Dave Lee Travis spent most of the 1970s driving a Chevrolet powered Escort called Tender Trap that ran 10s and a Top Fuel Dragster called The Needle that got down to mid six second runs at over 220 mph. As a Radio and TV presenter he was able to give drag racing a huge media profile; a major factor in broadening the sport’s appeal. He was a great ambassador for the sport and it is for this constant and never matched high level promotion of the sport that he has been inducted into the British Drag Racing Hall of Fame.
In the late 1960s Dave Lee Travis was broadcasting on the pirate radio stationCaroline North that was moored just off the Lancashire coast and the car cruises and shows held in his home town of Manchester during that time fired his initial interest in American cars. He did a spell as tour manager for Herman’s Hermits when the group played USA venues and he saw the occasional hot rod around the beach area whilst hanging out with Bobby Vee and Freddie Cannon who were on the same tour (how’s that for name dropping?). This increased his interest.
On returning to the UK his first drag race meeting was at Blackbushe in 1970. By this time he was broadcasting on Radio One. He had started to readCustom Car Magazine and others of the same ilk, being drawn by the customising aspect rather than any racing activity. He loved the radical nature of those involved and slowly became drawn into the scene. He was asked to open the Crystal Palace Custom Car Show in 1972 (he had walked the show in the previous year) and then started attending Santa Pod on a regular basis. He just loved the whole atmosphere. He felt as if he was with like-minded people who loved all these mad cars. He recalls it being great fun with the music, the racing and the ‘messing about’.
He obtained a monkey bike to run around the pits. He always remembers the reaction from the crowd when he tried to do a burnout holding the bike against the gantry post as most of the competition bike riders did at that time to warm up their rear slicks. When he opened up the throttle all that happened was the rear wheel bouncing up and down – an early example of tyre shake you might say. The crowd roared and he knew he could add a different dimension to the drag racing show – ‘messing about’ DLT style. Hence, pogo stick racing, bar stool racing and so on. The flame burnout on roller skates is one episode he can never forget. The most worrying thing was that the man with the cigarette lighter in his hand and squirting the lighter fuel over his feet was Ronnie Picardo. Now that was scary.
His first experience of driving a drag racing car was in John Ledster’s Mustang. It was a great thrill and John, along with Dennis Mutton who let him drive his Torino, was directly responsible for what followed. He just wanted to go faster and new he had to drive in competition.
He loved being a member of The Stones Racing Team and driving the Chevy powered Tender Trap. They were such a great bunch and when it came to preparing the car there was nobody better. Backed by Santa Pod Raceway he then moved on to The Needle Top Fuel dragster. He recalls taking the car to Brands Hatch to do burnout demonstration at a Radio One Road Show event. The car was surrounded by lots of knowledgeable circuit racing folks – drivers, pit crew, posers – all looking at the car with knowing smiles as if to say it can’t be much if it’s being driven by a DJ. Before they fired it up Dave warned,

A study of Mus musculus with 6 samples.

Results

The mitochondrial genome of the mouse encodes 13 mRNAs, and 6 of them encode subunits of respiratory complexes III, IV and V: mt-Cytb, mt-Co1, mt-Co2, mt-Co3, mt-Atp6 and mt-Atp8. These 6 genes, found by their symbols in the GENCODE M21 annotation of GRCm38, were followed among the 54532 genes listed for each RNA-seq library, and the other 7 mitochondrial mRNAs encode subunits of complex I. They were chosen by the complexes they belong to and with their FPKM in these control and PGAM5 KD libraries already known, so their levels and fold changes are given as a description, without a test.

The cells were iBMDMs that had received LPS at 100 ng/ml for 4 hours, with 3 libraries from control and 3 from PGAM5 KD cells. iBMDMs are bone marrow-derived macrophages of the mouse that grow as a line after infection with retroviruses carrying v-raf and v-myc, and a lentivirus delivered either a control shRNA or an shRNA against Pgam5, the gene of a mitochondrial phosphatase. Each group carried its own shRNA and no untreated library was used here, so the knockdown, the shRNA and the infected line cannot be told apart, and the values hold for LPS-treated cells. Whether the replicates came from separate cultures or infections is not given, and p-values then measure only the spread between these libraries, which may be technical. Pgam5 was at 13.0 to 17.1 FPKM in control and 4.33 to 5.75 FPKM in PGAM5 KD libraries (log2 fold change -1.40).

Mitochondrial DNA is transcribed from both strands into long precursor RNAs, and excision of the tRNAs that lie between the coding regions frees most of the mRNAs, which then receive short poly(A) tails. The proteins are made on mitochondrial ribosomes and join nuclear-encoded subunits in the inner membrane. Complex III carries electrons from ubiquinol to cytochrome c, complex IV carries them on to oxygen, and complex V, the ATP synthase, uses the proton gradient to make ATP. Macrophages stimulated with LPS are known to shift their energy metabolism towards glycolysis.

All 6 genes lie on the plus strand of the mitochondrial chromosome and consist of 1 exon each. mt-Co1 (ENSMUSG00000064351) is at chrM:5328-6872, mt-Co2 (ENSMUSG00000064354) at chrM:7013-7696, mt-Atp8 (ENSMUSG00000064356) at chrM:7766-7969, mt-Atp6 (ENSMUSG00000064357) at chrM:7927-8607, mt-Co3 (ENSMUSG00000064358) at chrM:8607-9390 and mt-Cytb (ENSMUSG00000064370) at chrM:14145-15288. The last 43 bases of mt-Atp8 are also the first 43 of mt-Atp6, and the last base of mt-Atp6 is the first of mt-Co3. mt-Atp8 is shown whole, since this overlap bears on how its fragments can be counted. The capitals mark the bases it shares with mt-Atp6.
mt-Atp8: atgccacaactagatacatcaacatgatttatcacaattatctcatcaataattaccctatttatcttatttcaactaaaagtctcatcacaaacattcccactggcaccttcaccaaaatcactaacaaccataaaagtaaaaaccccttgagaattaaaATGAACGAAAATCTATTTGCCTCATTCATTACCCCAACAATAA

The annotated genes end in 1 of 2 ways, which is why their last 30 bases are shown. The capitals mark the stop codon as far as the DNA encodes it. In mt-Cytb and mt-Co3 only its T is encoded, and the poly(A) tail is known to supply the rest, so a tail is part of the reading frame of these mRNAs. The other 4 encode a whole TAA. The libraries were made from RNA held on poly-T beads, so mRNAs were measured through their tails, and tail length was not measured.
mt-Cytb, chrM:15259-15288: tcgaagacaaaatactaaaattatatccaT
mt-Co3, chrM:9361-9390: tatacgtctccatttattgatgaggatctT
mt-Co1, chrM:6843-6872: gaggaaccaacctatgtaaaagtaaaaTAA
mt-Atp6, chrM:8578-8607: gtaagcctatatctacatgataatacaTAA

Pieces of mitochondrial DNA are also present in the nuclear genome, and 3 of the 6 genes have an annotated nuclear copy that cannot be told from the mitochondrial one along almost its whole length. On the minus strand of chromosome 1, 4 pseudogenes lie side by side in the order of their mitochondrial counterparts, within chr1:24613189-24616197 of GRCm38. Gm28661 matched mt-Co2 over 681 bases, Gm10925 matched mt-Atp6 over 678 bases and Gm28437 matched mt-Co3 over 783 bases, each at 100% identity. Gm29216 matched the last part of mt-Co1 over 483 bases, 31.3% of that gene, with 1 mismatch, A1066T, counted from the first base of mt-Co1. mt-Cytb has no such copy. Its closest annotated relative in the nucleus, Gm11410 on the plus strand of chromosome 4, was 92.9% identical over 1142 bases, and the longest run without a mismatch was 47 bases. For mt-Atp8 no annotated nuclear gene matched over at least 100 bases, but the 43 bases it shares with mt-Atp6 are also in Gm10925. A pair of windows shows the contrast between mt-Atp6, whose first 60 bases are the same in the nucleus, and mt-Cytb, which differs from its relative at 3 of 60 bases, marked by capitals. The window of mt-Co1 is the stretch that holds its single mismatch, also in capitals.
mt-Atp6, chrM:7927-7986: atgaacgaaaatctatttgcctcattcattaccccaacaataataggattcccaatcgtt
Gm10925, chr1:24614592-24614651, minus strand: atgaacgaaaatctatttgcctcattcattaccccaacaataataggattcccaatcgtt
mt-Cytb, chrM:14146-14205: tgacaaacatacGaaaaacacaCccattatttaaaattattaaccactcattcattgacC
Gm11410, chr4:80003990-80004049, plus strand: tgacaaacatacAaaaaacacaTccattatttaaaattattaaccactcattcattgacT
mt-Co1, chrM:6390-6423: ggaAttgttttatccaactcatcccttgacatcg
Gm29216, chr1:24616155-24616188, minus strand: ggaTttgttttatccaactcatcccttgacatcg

“I wouldn’t stand too close when we fire it up because it’s a bit noisy”.
They didn’t move much and indicated that they knew what to expect. They fired up the car. Did they run for cover? He loved it.
By that time the DLT Road Show was the regular entertainment at the BDR&HRA Annual Champions Trophy Night. He also took the Radio One Road Show to broadcast live from Santa Pod with the stage just behind the start area in front of the barn. Wrong!!! It caused great problems for the producers back in London because the cars were also running and there was no way they could deal with the sound levels or vibrations. Listeners were phoning up complaining about the sound quality. Oops!!
By this time Peter Crane was heading his pit crew. Dave recalls what an honour it was that the driver who had put down the first 5 second run in Europe was now helping him. The 6.6 second run in The Needle was a highlight. It felt like a good run and he knew when the team came down to pick him up that it was. They were going mad. He was really pleased because he felt he gained a bit of extra respect from the other racers after that performance – something that was important to him. At the time, not many people in the UK had run as quick or as fast.
But after the 6.6 he thought the time had come for a return to the spectator banks. The only place to go as a racer was to be as good as the likes of Dennis Priddle, Allan Herridge, Owen Hayward, etc, and he knew he could never give the time to get to that level. In later years drag racing was featured on his ‘This is Your Life’ tribute with the Stones Racing Team on stage.